A majority of physicians say social determinants of health are seriously threatening their patients health, that overburdened and burned out physicians are becoming the norm instead of the exception and some gains in changing opioid prescribing habits are all part of a somewhat startling snapshot of today's physician landscape, according to the 2018 Survey of America's Physicians, conducted by Merritt Hawkins for the Physicians Foundation.
The survey was based on responses from nearly 8,800 physicians, as well as written comments from roughly 2,470 physicians. The margin of error was +/- 1.05 percent.
Most notably, 88 percent of physicians reported that some, many or all of their patients are affected by social determinant including poverty, unemployment, lack of education, and addiction, which represent serious barriers to their health, well-being and eventual health outcomes. Only one percent of physicians reported that none of their patients had such conditions.
"It is distressing that such a high number of patients are dealing with one or more social situations that are detrimental to their health," said Walker Ray, MD, chair of the Foundation's research committee. "These challenges directly impact a physician's ability to deliver effective care, and the cost implication of these issues is enormous."
Physician burden and burnout continue to pervade the medical landscape producing sobering statistics with serious implications for physician well-being and by extension, patient care, as 80 percent of responding physicians said they are at full capacity or are overburdened and almost the same number, 78 percent said they often or always experience feelings of burnout. Results showed a major culprit behind those frustrations was the inefficiency of electronic health records.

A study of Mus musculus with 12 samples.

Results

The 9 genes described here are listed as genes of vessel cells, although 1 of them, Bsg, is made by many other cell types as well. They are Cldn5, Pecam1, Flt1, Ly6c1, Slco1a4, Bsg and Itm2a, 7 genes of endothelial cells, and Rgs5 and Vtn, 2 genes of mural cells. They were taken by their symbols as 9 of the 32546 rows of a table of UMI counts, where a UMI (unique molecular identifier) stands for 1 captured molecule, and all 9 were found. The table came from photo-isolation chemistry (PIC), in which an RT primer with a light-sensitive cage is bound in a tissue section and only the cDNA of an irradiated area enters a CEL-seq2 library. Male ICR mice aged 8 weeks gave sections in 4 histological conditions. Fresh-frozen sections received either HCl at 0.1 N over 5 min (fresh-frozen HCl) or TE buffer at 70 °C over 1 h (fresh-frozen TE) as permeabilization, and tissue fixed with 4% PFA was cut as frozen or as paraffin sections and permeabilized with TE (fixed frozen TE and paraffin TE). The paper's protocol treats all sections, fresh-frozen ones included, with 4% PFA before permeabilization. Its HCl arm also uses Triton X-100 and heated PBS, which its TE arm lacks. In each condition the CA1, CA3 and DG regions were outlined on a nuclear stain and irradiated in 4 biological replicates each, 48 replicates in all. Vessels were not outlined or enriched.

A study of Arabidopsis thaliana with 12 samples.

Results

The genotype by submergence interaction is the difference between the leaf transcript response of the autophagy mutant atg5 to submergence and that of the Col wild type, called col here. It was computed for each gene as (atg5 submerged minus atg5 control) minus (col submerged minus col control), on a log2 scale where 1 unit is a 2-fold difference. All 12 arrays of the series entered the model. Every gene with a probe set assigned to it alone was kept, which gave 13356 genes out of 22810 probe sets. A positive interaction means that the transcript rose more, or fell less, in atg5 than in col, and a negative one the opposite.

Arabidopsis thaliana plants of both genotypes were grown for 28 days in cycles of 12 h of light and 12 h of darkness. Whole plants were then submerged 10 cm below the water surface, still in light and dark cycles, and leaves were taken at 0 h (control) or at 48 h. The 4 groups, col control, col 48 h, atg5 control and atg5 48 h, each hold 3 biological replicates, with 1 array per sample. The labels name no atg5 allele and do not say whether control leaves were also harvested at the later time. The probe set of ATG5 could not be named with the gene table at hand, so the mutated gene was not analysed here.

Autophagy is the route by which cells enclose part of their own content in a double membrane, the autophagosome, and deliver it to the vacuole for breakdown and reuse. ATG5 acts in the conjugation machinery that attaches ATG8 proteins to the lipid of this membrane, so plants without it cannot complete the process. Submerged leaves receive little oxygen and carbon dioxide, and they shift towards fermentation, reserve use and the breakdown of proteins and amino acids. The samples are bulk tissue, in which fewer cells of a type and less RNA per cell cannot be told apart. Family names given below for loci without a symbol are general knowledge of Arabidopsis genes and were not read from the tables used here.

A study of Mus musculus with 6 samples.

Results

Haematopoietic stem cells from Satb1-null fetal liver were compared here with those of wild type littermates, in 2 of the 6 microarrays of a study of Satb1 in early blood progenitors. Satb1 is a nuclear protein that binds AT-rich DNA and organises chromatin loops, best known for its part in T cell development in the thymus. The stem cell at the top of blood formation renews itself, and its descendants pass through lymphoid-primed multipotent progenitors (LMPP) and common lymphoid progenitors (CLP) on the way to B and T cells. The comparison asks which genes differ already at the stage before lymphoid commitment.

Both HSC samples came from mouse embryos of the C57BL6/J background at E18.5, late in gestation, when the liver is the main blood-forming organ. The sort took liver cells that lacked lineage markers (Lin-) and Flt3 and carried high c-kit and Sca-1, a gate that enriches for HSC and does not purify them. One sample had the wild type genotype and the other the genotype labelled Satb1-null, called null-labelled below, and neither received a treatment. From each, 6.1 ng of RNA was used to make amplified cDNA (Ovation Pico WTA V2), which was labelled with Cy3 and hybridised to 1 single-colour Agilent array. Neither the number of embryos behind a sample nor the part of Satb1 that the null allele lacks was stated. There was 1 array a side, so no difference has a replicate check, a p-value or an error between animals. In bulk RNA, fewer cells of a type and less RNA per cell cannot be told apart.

One thing clearly fueling physicians' motivation is their relationships with their patients, as 79 percent of physicians reported that patient relationships continue to be their greatest source of professional satisfaction. This proves the urgency of reducing administrative burden to clear the way for more interaction with patients not only to boost care quality but physician morale as well, something else that is sorely suffering, with 62 percent of physicians saying they are pessimistic about the future of medicine and 55 percent saying their morale is somewhat or very negative. Also, 46 percent said they planned to change career paths, the reality of which stands to feed an already threatening physician shortage in the coming 5 to 10 years.
Gains are being seen in the battle against opioids though, specifically physician efforts to affect change in some of the trends that fed the onset of the epidemic. It has been widely reported that doctors and hospitals are changing operational and prescribing protocols to cut down on the amount and frequency of opioid use and it's working, as 69 percent of responding physicians said they are prescribing fewer pain medications because of the opioid epidemic.